Why Do Italian Disasters Kill So Many People?

  • Share
  • Read Later
Antonio Calanni / AP

A man walks through debris in the village of Scaletta Zanclea, near Messina, Sicily, Saturday, Oct. 3, 2009

Disasters in Italy have a predictable chronology: after the calamity strikes, rescues are attempted, destiny is lamented and pledges are made to rebuild destroyed towns. And without fail, as the first victims are still being buried, a criminal investigation is opened.

So it happened in April when a 6.3-magnitude earthquake hit the Abruzzo region near the central city of L'Aquila, killing 308 and sparking a judicial inquiry into the allegedly inadequate seismic standards of several of the destroyed buildings. A June explosion at a train yard in Tuscany that killed 31, initially bemoaned as a "tragic accident," is now being investigated by a team of prosecutors who say that inadequate maintenance and rusting tracks were to blame. The same scenario is now playing out near the Sicilian city of Messina, where a mudslide Friday has left at least 25 dead and 38 missing. Magistrates have began to investigate whether lives could have been saved if authorities had issued orders to evacuate the villages sooner and did more to regulate the long history of unsafe, illicit residential construction in the area.

On Sunday, Prime Minister Silvio Berlusconi flew into the region to tour some of the worst-hit villages — Giampilieri, Briga and Scaletta Zanclea. Berlusconi, who predicted that the death toll would rise past 50, pledged up to $1.46 billion to build new houses for displaced residents. He said government officials had called for an evacuation when the rains started, but by that time, it was too late. "We had foreseen this disaster and given the alert," Berlusconi told reporters in Messina. "But the rains were even more intense than we expected. It was truly an exceptional situation."

Beyond the fatalistic Prime Minister and dogged local investigators, there is a growing sense that something bigger has gone awry in Italy, where disasters with high death tolls seem to happen more often than in other advanced Western countries. As he watched the latest news from Messina, a London-based Italian put it bluntly: "Italy is like a Third World country," said Andrea Coscelli, an economist who has lived abroad for 16 years. "It rains for two days, and you have 50 dead." Italy's newspapers have also hinted at the failure of authorities to adequately warn residents about the heavy rains, and at the slowness of the government's response. "There is a chain of errors, omissions and delays behind the tragedy of Messina," the daily Corriere Della Sera said in an editorial Monday.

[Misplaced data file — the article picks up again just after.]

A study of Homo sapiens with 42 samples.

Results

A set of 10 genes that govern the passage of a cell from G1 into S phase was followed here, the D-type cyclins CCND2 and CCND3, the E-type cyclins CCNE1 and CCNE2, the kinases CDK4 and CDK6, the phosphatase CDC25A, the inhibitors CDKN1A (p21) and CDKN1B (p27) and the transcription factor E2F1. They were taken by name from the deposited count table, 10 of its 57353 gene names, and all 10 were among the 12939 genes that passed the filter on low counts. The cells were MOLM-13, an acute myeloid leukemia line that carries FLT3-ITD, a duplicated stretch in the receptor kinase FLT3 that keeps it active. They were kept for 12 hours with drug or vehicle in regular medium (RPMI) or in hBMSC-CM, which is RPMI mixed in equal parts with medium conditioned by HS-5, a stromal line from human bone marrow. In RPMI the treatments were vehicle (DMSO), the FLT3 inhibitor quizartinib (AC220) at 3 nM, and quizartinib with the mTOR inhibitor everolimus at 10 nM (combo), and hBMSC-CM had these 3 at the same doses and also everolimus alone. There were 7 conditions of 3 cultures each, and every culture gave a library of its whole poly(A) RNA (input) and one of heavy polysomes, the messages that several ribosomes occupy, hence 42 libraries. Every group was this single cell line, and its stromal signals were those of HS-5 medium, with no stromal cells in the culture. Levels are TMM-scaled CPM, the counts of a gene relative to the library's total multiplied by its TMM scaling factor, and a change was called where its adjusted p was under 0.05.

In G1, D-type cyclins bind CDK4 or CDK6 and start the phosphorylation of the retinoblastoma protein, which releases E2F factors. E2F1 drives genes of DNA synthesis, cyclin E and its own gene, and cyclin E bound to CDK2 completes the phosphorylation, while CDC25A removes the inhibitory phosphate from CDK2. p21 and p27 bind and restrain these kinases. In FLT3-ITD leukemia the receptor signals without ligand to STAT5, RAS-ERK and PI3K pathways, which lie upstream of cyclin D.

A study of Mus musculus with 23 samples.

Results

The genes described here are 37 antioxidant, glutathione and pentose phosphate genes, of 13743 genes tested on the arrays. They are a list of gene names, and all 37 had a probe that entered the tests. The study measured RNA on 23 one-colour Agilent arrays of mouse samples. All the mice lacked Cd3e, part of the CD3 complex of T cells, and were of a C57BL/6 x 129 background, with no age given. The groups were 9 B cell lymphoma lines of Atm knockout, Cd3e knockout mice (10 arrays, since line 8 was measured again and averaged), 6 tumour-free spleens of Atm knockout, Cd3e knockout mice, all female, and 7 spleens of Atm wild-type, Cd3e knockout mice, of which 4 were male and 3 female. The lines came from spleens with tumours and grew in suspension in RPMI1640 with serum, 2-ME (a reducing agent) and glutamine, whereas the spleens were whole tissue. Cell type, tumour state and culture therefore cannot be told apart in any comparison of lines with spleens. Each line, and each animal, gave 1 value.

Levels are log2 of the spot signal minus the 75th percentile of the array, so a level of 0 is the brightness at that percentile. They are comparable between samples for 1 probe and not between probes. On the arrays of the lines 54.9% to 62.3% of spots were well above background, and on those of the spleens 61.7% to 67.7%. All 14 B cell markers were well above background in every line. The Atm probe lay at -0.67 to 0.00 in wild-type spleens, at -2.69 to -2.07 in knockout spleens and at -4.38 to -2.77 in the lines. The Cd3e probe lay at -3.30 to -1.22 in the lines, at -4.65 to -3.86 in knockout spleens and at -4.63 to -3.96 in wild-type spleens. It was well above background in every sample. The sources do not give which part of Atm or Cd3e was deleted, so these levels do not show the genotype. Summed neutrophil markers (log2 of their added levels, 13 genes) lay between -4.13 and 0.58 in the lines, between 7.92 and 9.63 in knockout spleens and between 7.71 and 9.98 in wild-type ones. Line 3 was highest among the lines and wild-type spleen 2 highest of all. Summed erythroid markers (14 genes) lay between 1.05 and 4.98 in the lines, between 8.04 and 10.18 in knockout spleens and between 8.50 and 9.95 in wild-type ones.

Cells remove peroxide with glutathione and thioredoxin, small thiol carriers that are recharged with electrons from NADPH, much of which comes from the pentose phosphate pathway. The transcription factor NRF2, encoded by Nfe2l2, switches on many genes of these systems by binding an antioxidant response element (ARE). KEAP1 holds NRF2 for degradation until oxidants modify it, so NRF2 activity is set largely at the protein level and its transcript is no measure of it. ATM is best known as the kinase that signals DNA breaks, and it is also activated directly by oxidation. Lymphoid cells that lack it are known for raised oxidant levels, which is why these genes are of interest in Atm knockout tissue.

Experts point to deeper, more long-term problems in Italy. Edoardo Zanchini, who heads the urban planning division at the Italian environmental group Legambiente, compared parts of Italy to Bangladesh with regard to the risk that comes with having a high human concentration in perilous natural conditions. "In Sicily, in Calabria, and other parts of the South, you have entire towns built in zones with a hydrogeological dynamic that is very delicate," says Zanchini. "Either you have the courage to force people to permanently move, or put in place a very rigid evacuation strategy. We don't have one or the other [in Italy]. And so you know that sooner or later, something like [the Messina disaster] is bound to happen." Zanchini noted that people continue to build homes in high-risk parts of the U.S., but major natural disasters don't usually produce death tolls like those in Italy because residents are ordered to evacuate in time. Hurricane Katrina is the one glaring exception, but those deaths can be tied to clear failures on the government's part both in terms of preparedness and response to the disaster.

In the wake of the Messina mudslide, the government has launched an internal investigation to determine why residents were not evacuated before the rains began. President Giorgio Napolitano has also called for a nationwide review of residential safety to assess which homes are so perilously built that they should be demolished. "If we don't activate a serious, long-term plan that guarantees security, rather than investing in multimillion-euro projects, these parts of the country will continue to be at risk," he says. Napolitano's reference to high-cost projects was interpreted by some as a swipe at the bridge that Berlusconi wants to build from Messina to the mainland city of Reggio Calabria. The so-called Strait of Messina Bridge, estimated to cost nearly $9 billion, is hailed by its supporters as the best way to kick-start the economy in southern Italy. Its critics, however, note the lack of good roads around the proposed bridge site and the risk that organized-crime networks will infiltrate the public bids process for constructing the span.

Zanchini says the building of roads, bridges and homes is "fertile terrain" for the Mafia, but Italy's problems are more serious. "There is bad governance, and a general lack of attention in society to long-term problems. In Italy, we forget continuously," he says. Just as in L'Aquila, however, there at least three villages near Messina that will never forget.